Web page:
The spread of the coronavirus has caused businesses across America to face unprecedented financial hardships. Shelter-in-place orders have forced people to stay in their homes and out of storefronts and large social gatherings. As quarantines persist, the health risk improves but the economic impact worsens, putting businesses and their owners in precarious situations.

There is some good news, though: If you have a business interruption insurance policy, then the impact of the coronavirus/COVID-19 pandemic could be covered and provide you with much-needed financial support. The bad news is that many dishonest insurance companies are going to challenge every business interruption claim that they can to try to minimize how many policy payouts they make. What can your business do to utilize your business interruption insurance policy during the coronavirus?

Understand Your Policy Front-to-Back

You need to know the details of your business interruption insurance policy. Most of these types of policies will trigger if you are forced to halt operations due to a natural disaster, like a flood or tornado. Not all of them have a policy that specifically regards closures due to the spread of a life-threatening illness. However, many policies do provide coverage if your business is closed by a civil authority or government order, like a quarantine order.

The types and amount of coverage that your policy will offer also depends on the details in your policy. You might be able to collect damages to help pay for rent, employee paychecks, and lost income, for example. Or you might have a more limited policy that only provides for your rent. It cannot be stressed enough that the details of your policy make a big difference.

If you have a knack for running a business but do not have one for interpreting insurance policy jargon, then you should work with an insurance claim attorney who can review your policy. With their input, you can get a clear picture of what your policy covers and what you have to do to file a claim to get that coverage. Your lawyer should also be able to help you if – or when – the responding insurance company denies your claim.

Why are Insurance Companies Denying Claims?

After a natural disaster tears through a region, thousands of homeowners will need to file insurance claims in a short amount of time. The result is that insurance companies need to pay monumental amounts to policyholders, practically all at once. To try to avoid that massive responsibility, many insurance companies default to less-than-honest business tactics, such as denying a claim without a proper case evaluation, taking as long as possible to respond and creating unnecessary delays, or offering lowball settlements that reflect only a fraction of what the policyholder needs and deserves.

The coronavirus pandemic is a natural disaster of its own in that it has impacted thousands of businesses all at once. There has been a huge influx of business interruption claim filings, and so, dishonest insurers are already panicking and trying to do all they can to deny completely justified claims from businesses both big and small. In anticipation of this sort of reaction to your business interruption insurance claim filing, you should, once again, team up with a plaintiff insurance claim attorney as soon as possible.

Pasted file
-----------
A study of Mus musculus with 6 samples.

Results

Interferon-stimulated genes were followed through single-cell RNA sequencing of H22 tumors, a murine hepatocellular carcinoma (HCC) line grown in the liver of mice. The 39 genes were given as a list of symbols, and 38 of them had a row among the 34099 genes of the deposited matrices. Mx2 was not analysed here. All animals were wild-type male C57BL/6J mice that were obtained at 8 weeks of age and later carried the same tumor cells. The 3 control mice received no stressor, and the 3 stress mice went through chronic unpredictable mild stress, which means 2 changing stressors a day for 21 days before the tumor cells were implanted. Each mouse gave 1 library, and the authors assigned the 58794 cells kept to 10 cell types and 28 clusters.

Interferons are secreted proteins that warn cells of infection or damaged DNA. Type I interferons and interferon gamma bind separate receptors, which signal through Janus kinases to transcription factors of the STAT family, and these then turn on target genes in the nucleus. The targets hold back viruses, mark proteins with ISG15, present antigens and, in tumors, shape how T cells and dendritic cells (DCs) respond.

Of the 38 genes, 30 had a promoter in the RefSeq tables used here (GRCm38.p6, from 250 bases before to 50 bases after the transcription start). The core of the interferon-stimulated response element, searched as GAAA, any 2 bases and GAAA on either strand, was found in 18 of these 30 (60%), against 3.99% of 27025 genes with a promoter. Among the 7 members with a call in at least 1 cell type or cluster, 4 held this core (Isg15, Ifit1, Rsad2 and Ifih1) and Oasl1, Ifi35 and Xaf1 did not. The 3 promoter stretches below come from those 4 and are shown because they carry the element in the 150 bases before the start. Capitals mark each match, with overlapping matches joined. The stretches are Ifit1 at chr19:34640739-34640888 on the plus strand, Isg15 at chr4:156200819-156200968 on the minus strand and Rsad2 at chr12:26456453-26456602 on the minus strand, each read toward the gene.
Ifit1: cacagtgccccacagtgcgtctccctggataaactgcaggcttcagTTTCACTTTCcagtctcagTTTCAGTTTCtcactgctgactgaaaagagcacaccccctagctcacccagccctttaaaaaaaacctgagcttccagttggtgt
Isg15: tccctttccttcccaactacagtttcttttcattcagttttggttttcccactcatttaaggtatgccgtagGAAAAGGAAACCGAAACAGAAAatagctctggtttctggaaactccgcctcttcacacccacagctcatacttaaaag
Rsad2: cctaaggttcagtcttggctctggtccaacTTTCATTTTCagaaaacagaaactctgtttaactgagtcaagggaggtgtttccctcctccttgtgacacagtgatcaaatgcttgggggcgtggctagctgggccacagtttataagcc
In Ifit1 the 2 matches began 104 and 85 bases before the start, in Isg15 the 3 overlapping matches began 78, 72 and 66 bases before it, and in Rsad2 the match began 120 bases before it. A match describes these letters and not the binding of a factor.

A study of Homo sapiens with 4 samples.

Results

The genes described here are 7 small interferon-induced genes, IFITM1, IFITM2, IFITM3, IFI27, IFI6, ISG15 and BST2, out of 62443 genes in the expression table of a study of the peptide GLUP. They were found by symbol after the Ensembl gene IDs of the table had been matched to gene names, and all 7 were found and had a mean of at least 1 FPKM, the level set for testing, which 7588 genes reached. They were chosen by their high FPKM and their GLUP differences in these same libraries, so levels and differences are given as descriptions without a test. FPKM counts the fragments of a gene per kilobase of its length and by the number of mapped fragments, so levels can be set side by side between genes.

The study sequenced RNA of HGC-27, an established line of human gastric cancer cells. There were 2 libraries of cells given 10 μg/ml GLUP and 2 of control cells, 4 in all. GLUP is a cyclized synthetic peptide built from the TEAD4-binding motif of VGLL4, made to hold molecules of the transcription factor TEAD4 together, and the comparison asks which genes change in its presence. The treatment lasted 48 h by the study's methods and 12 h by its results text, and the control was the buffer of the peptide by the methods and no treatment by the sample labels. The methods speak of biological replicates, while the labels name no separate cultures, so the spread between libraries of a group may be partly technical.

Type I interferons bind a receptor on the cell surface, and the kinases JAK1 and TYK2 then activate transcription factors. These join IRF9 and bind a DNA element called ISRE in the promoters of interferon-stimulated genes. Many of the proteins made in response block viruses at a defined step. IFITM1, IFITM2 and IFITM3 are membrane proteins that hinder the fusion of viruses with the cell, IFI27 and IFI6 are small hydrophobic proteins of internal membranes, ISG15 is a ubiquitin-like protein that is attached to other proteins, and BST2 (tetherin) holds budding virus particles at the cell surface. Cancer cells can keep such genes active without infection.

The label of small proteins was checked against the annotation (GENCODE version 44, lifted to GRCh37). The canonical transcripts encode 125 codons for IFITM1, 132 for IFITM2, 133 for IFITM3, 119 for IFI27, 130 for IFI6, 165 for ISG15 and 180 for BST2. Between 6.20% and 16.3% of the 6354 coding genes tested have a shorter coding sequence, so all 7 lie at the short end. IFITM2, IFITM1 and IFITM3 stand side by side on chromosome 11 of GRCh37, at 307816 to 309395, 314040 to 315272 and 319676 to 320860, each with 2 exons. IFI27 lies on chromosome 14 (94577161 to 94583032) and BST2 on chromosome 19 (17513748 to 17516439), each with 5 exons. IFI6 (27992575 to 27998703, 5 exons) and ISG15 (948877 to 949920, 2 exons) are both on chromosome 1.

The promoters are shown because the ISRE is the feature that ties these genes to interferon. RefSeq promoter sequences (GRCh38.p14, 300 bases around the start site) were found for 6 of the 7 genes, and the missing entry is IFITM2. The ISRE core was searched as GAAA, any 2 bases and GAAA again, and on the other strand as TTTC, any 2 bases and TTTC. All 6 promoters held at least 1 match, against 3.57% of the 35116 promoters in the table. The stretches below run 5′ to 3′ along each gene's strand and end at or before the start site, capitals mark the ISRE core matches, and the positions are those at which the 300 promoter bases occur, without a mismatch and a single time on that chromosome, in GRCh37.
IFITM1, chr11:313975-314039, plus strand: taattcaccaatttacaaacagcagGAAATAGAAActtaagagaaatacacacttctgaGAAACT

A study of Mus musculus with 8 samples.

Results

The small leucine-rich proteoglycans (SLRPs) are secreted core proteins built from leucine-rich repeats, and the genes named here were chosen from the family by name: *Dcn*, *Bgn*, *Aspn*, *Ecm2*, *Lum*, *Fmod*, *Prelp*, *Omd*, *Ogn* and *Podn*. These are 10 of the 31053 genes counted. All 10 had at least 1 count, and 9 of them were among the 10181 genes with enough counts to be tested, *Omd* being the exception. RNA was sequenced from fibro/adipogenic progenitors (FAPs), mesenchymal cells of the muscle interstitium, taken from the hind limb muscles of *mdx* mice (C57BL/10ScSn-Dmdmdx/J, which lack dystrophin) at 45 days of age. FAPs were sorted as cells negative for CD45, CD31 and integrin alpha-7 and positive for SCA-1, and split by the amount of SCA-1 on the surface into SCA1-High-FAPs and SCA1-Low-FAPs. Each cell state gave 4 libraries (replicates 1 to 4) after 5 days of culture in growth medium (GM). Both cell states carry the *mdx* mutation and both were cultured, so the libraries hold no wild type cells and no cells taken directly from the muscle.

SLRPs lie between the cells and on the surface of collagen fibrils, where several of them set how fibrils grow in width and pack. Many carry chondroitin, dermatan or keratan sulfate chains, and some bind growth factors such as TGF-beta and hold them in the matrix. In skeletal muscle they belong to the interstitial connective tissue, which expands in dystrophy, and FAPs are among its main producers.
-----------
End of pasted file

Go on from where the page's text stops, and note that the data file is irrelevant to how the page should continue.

What Business Models Have Been Hurt the Worst?

Practically every business in the nation has had to change its operations or completely close its doors due to the threat of COVID-19. However, some industries have felt its impacts worse than others, and they need the most help from business interruption insurance providers.

Businesses and establishments suffering heavy losses due to the coronavirus pandemic include:

  • Restaurants: The American pastime of going out to eat with family and friends has come to a complete stop because of the coronavirus. Restaurants have been forced to resort to takeout or delivery options only, which tend to result in smaller tickets with minimized profit margins.
  • Bars: Any establishment that primarily serves alcohol to its patrons like bars and clubs has essentially no wiggle room to continue business during the pandemic. Alcoholic products cannot be served “to-go.”
  • Hotels: With travel becoming extremely limited and inherently dangerous due to the typical close quarters in planes, trains, and buses, hotels and motels are seeing fewer and fewer people coming through their doors, despite them being considered essential businesses.
  • Retailers: Some storefronts have been able to stay open due to selling essential products, like food and day-to-day necessities. Others have been forced to switch their operations entirely to online shopping options.
  • Landlords: Both commercial and residential landlords are also feeling the financial squeeze caused by the coronavirus. Individual tenants who struggle financially cannot pay their rent, which means that landlords are not paid and make no income themselves. The financial ripple effect is devastating.
  • Churches: What many do not realize is how churches and other religious properties have been slammed by the coronavirus. Gatherings to worship have been banned in practically all counties, so there are no opportunities to collect tithes and donations.

Business interruption insurance policies might cover all of these types of businesses, though. It all depends on the details of the policies they carry, which will vary from one business to the next.

Katz Kantor Stonestreet & Buckner, PLLC serves Princeton and all of West Virginia, offering legal guidance and support for business owners who need to use their business interruption insurance policies. We are currently assisting and hearing from clients throughout the state, including a church that is fighting their insurance provider. Let us be your strength during these unprecedented times, too. Call (304) 713-2014 to begin your claim.